In early July of 2019, I was subpoenaed for a Senate subcommittee hearing on S.2025, the Home Distillery Reform Act. Here is a partial transcript of the proceedings.
Sen. Jabroney (D-WI): Mr. Wilson, thank you for joining us today. I understand you are a, uh, expert on the, uh, economics of home alcohol production. Is that correct, sir?
SLW: Yes, your honor.
Jabroney: It's "Senator," thanks. Now, isn't it true that you're here today to argue that... let me see here... that moonshine, that is to say, distilling operations performed in the home... that this should be legal in the 50 states? Is that correct, Mr. Wilson?
SLW: Yes, that's correct. Um, Mr. Senator. Correct.
Sen. Rumplebottom (R-MS): Mr. Wilson, you are aware, aren't you, that illegal moonshine can be a poisonous substance and that in 2018 alone, over 250 Americans died from ingesting so-called "home-distilled spirits?" You did know this, Mr. Wilson, did you not? Or how about the fact that this unregulated black market alcohol often ends up in the hands of children, and that they don't know just how potent this stuff can be? You are aware of the negative effects of alcohol consumption on children, Mr. Wilson?
SLW: Yes, Senator. Those are all excellent reasons to legalize home distilling.
Rumplebottom: Excuse me? Did I hear you correctly? Did you just say that those are reasons IN FAVOR [emphasis in original] of passing this bill?
Sen Terdenhare (R-TX): Mr. Chairman, if I might, we did see that legalizing homebrewing of beer did not produce general lawlessness in America or that it led to the moral decay of the youth. If anything, the statistics have shown a decrease in underage drinking since the ban was lifted [2011 CDC findings], and that drunk driving fatalities have dropped from over 15,000 in 1991 to just over 10,000 in 2012, and that's with more young drivers on the road. Isn't that true, Mr. Wilson?
SLW: It is true, but it could be spurious to link the two. Other factors could have contributed to the decline in underage drinking and drunken driving. The best reason to legalize home distilling is to improve product quality.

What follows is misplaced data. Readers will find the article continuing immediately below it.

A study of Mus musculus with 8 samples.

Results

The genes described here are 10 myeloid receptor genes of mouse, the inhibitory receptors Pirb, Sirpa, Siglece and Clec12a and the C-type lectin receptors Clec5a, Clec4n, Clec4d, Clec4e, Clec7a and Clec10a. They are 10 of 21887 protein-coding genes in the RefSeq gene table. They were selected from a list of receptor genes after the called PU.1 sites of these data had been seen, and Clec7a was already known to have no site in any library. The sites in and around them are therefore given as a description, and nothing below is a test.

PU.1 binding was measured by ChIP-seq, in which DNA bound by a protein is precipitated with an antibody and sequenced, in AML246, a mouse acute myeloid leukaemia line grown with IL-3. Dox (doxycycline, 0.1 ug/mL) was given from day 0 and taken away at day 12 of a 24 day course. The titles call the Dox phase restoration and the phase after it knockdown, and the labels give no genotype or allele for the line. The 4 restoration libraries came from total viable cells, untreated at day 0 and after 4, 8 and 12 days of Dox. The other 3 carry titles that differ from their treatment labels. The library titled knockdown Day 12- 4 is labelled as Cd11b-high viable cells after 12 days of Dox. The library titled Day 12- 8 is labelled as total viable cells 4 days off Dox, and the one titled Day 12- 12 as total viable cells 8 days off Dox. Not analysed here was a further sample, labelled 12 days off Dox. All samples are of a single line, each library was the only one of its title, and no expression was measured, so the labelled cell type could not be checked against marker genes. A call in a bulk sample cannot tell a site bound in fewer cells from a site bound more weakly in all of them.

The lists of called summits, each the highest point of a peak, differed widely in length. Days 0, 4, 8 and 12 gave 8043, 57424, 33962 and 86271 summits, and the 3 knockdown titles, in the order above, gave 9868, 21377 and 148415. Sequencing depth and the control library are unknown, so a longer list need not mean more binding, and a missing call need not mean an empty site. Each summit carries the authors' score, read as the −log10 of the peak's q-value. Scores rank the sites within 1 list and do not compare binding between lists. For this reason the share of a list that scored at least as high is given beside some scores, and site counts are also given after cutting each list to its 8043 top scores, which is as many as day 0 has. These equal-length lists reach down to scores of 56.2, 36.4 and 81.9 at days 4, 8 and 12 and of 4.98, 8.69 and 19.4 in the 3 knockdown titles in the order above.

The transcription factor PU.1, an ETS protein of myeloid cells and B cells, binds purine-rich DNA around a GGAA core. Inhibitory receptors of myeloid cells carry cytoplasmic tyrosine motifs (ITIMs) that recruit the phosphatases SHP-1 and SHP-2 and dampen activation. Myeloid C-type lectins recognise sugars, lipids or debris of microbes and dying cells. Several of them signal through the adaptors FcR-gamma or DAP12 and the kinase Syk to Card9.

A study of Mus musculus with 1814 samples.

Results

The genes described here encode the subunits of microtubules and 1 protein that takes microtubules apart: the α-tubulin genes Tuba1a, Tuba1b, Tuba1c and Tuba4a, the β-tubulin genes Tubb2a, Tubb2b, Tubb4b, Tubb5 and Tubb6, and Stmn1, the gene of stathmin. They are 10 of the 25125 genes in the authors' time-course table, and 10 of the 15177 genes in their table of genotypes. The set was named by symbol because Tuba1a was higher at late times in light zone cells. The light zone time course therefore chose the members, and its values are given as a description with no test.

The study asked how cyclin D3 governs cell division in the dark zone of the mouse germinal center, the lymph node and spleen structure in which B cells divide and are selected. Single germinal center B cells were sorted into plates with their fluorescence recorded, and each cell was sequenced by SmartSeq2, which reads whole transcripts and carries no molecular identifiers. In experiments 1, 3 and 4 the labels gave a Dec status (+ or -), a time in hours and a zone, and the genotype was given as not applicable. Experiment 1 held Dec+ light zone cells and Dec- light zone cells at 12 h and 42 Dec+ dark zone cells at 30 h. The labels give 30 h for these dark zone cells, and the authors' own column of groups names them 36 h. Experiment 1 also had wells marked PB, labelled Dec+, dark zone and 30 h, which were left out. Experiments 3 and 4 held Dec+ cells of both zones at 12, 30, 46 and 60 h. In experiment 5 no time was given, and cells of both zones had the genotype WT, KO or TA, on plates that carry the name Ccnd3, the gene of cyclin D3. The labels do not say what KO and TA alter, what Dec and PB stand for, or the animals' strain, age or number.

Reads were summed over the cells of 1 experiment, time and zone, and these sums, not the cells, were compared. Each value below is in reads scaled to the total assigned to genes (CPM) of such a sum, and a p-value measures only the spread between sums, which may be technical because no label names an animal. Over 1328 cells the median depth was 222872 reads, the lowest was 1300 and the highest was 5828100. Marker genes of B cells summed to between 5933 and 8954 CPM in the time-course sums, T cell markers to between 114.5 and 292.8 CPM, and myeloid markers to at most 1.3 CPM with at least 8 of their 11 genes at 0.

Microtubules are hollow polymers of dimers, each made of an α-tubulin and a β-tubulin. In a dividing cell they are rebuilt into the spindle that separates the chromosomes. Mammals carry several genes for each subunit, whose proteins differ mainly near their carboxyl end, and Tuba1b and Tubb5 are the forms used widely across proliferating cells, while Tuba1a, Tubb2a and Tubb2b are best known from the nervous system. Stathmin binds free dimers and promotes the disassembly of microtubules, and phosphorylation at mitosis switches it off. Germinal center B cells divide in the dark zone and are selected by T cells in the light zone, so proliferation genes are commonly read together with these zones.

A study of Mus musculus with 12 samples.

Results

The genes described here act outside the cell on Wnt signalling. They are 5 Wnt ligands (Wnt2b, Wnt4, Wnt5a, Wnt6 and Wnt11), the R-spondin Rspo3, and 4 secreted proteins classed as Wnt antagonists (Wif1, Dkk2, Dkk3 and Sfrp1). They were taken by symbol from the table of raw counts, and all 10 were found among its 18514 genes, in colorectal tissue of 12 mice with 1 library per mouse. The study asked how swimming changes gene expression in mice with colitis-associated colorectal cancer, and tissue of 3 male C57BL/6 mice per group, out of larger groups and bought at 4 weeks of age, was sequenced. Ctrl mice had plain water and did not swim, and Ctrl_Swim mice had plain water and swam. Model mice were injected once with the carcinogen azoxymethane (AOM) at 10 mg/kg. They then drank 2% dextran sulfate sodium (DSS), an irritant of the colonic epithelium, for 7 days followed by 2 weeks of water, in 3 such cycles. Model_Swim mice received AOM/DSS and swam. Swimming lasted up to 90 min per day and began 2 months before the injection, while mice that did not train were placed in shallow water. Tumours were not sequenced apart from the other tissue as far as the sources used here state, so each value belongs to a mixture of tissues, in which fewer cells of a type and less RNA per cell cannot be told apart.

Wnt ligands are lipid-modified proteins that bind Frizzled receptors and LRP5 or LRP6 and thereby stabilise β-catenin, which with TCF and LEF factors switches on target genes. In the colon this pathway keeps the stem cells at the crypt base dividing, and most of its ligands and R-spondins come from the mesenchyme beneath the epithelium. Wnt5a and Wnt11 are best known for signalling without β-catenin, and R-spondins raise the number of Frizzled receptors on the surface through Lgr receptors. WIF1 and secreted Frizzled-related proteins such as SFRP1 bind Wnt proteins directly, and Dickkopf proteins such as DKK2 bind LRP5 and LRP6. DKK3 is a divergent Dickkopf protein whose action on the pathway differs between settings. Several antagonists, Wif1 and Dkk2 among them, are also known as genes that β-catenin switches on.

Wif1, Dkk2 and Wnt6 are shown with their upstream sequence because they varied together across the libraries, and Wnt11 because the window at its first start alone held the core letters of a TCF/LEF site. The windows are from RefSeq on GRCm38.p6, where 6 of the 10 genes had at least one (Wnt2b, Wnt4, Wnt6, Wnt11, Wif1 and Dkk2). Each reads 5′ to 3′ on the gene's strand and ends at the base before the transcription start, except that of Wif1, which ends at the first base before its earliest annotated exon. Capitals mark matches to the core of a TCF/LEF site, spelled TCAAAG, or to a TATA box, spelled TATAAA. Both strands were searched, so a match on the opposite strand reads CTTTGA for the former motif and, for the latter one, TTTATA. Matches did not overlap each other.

Rumplebottom: Hold on a minute. Did you just say "product quality?" Mr. Wilson, this governing body has no interest in this product being available at all. Professional distilleries have the tools and expertise needed to produce safe spirits at reasonable prices. Can you sit there and guarantee me that the... the... the hooch coming out of a still in someone's garage won't be poisonous? Can you sit there and tell me that a home distiller wouldn't put bleach, or... or arsenic or some other adulterant into the mash to give it some extra kick? These aren't new practices, Mr. Wilson.
SLW: That's correct, Senator. When the homebrewing of beer was illegal, vendors were prohibited from selling the airlocks, carboys, and brewers' yeast needed to safely prepare beer in the home. As a result, the quality of homebrewed beer suffered. Now that homebrewing supply is a fairly large industry, hobbyists can easily and cheaply obtain high-quality equipment and ingredients to produce beer safely. The same logic applies to distilling.
Rumplebottom: Correct me if I'm wrong here, Mr. Wilson, but the brewing of beer is far less complicated than the distilling of alcohol, is that not so? If the temperature inside the still is just a little too high, impurities from the mash will carry over into distillate. Furthermore, if there's pesticides in the corn, those can be... [leans over to whisper to neighbor] ...volatile and end up in the final product. Is that not correct, Mr. Wilson? I can't tell you how many of my constituents have ended up in the hospital from drinking moonshine that either hasn't been distilled properly or has been made on the fly by some... some yokel trying to evade taxes. Is that not what you're trying to encourage with your support, Mr. Wilson?
SLW: It's true that distilling spirits is more technically demanding than brewing beer. Just as it's more technically demanding to build a dining room set than it is to build a bird feeder. The science and technology behind distilling is not all that complicated. Electric heating systems can maintain constant mash temperature in the required range much more reliably than the campfire methods commonly used by today's moonshiners. If this bill is passed, never again will anyone have to pull an old radiator out of a junked car in an ad hoc still. Kits, complete with instructions, as well as mash base, will be sold freely by vendors with tax id numbers who can be tracked down in the event that they sell defective or dangerous products. In an above-board, legal market, consumers have legal recourse.
Terdenhare: Thank you for your testimony, Mr. Wilson. This committee appreciates your cooperation.
Chair: This hearing is now in recess.
Three weeks after this hearing, the AP ran a story about how Senator Rumplebottom had received a sizable campaign donation from DISCUS, aka the Distilled Spirits Council of the United States, a lobby organization representing the commercial interests of the distillery industry. No charges were filed.
[This post and all the events depicted herein are fictitious. Any resemblance to any persons, living or dead, is purely coincidental] Euvoluntary Exchange, 2014.